EarthLink disagrees and is seeking permission in federal court to take down its $17 million in hardware. The company requires court approval because of the nature of the partnership among EarthLink, Wireless Philadelphia and the city.
"The situation today represents the culmination of several months of comprehensive efforts to find a partner acceptable to the City of Philadelphia to take over the network," said Chris Putala, an EarthLink spokesman. EarthLink not only offered to give the network away for free, but also offered an additional $2 million in equipment, and still couldn't find any takers, Putala said.
Wireless Philadelphia was created to bridge the "digital divide" in the city - to get computers to those who need them most and use a new wireless network to provide Internet to low-income families and create large areas of free wireless access.
EarthLink built the network, which is about 75 percent complete, and was to maintain and operate it, making a profit from over 100,000 paying subscribers. It never accomplished that goal. Wireless Philadelphia serves fewer than 6,000 subscribers. About 900 of those are low-income "digital inclusion" subscribers with discounted or free accounts - most of whom were provided with a computer, a modem, training and technical support.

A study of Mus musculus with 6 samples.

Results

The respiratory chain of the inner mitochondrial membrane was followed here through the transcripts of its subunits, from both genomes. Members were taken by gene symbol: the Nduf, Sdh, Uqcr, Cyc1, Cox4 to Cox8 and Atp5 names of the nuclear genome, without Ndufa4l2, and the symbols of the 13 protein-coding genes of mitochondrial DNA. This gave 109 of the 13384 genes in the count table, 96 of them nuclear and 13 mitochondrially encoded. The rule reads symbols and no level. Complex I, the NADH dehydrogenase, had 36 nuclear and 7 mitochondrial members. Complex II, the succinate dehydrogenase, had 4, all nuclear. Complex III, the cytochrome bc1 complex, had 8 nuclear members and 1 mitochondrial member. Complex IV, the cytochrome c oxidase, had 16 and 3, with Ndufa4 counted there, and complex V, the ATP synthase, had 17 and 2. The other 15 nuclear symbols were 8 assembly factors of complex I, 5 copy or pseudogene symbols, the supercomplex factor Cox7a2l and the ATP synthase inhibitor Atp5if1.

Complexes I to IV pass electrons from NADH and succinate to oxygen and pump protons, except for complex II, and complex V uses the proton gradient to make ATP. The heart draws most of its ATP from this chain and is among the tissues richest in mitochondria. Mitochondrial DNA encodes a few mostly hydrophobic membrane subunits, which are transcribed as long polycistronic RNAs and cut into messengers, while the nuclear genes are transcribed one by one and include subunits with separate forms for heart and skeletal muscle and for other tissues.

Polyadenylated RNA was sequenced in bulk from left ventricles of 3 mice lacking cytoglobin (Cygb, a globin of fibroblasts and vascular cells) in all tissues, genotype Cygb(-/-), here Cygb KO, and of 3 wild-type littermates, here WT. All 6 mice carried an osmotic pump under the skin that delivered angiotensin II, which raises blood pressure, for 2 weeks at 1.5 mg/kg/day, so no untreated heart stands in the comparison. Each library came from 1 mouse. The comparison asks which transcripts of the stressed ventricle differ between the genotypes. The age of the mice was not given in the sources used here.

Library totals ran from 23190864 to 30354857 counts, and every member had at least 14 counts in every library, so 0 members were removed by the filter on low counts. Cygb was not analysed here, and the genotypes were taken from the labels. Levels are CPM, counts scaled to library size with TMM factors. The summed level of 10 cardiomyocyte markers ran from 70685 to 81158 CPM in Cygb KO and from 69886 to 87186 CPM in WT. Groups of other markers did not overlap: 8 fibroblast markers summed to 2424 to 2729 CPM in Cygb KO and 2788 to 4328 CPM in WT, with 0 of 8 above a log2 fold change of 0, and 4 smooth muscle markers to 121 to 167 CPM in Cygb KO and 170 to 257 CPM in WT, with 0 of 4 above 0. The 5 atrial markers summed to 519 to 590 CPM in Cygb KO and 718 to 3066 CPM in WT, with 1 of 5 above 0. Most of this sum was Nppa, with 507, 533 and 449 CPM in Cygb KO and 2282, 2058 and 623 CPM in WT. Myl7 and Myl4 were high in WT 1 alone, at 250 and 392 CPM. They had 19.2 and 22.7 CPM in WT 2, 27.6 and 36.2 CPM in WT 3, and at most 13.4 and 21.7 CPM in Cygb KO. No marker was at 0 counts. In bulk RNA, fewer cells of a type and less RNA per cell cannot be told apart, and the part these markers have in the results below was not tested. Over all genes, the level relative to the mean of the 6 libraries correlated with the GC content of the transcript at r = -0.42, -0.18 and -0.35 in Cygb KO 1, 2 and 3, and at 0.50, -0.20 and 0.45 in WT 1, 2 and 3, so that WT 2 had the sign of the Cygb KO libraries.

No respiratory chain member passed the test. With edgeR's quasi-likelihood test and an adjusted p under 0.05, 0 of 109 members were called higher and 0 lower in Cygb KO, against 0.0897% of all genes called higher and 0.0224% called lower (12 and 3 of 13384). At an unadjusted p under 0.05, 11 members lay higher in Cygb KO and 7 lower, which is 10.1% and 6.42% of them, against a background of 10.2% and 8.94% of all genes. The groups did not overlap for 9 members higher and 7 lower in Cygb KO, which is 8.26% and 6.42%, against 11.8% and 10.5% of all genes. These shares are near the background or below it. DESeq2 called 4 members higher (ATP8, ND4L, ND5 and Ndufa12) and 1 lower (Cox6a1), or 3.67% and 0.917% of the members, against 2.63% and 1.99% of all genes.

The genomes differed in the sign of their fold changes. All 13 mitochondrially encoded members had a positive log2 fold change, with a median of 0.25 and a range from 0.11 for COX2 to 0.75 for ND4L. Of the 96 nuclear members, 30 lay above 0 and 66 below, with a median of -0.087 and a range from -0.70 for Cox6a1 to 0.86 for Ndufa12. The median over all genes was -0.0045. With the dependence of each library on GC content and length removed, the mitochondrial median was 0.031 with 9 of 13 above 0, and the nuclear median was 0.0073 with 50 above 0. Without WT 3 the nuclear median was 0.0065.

Putala said EarthLink would offer those 900 "digital inclusion" customers free dial-up EarthLink accounts for one year. The remaining 5,000 customers would be offered discounted EarthLink deals on broadband or dial-up, he said.
A complex deal to save the system, involving an Ohio-based nonprofit, collapsed over the last week. The vision of a citywide wireless network at virtually no cost to the city was launched by former Mayor John F. Street in 2004, and Mayor Nutter has shown little interest in spending tax dollars on the network.
Contact staff writer Jeff Shields at 215-854-4565 or email@example.com.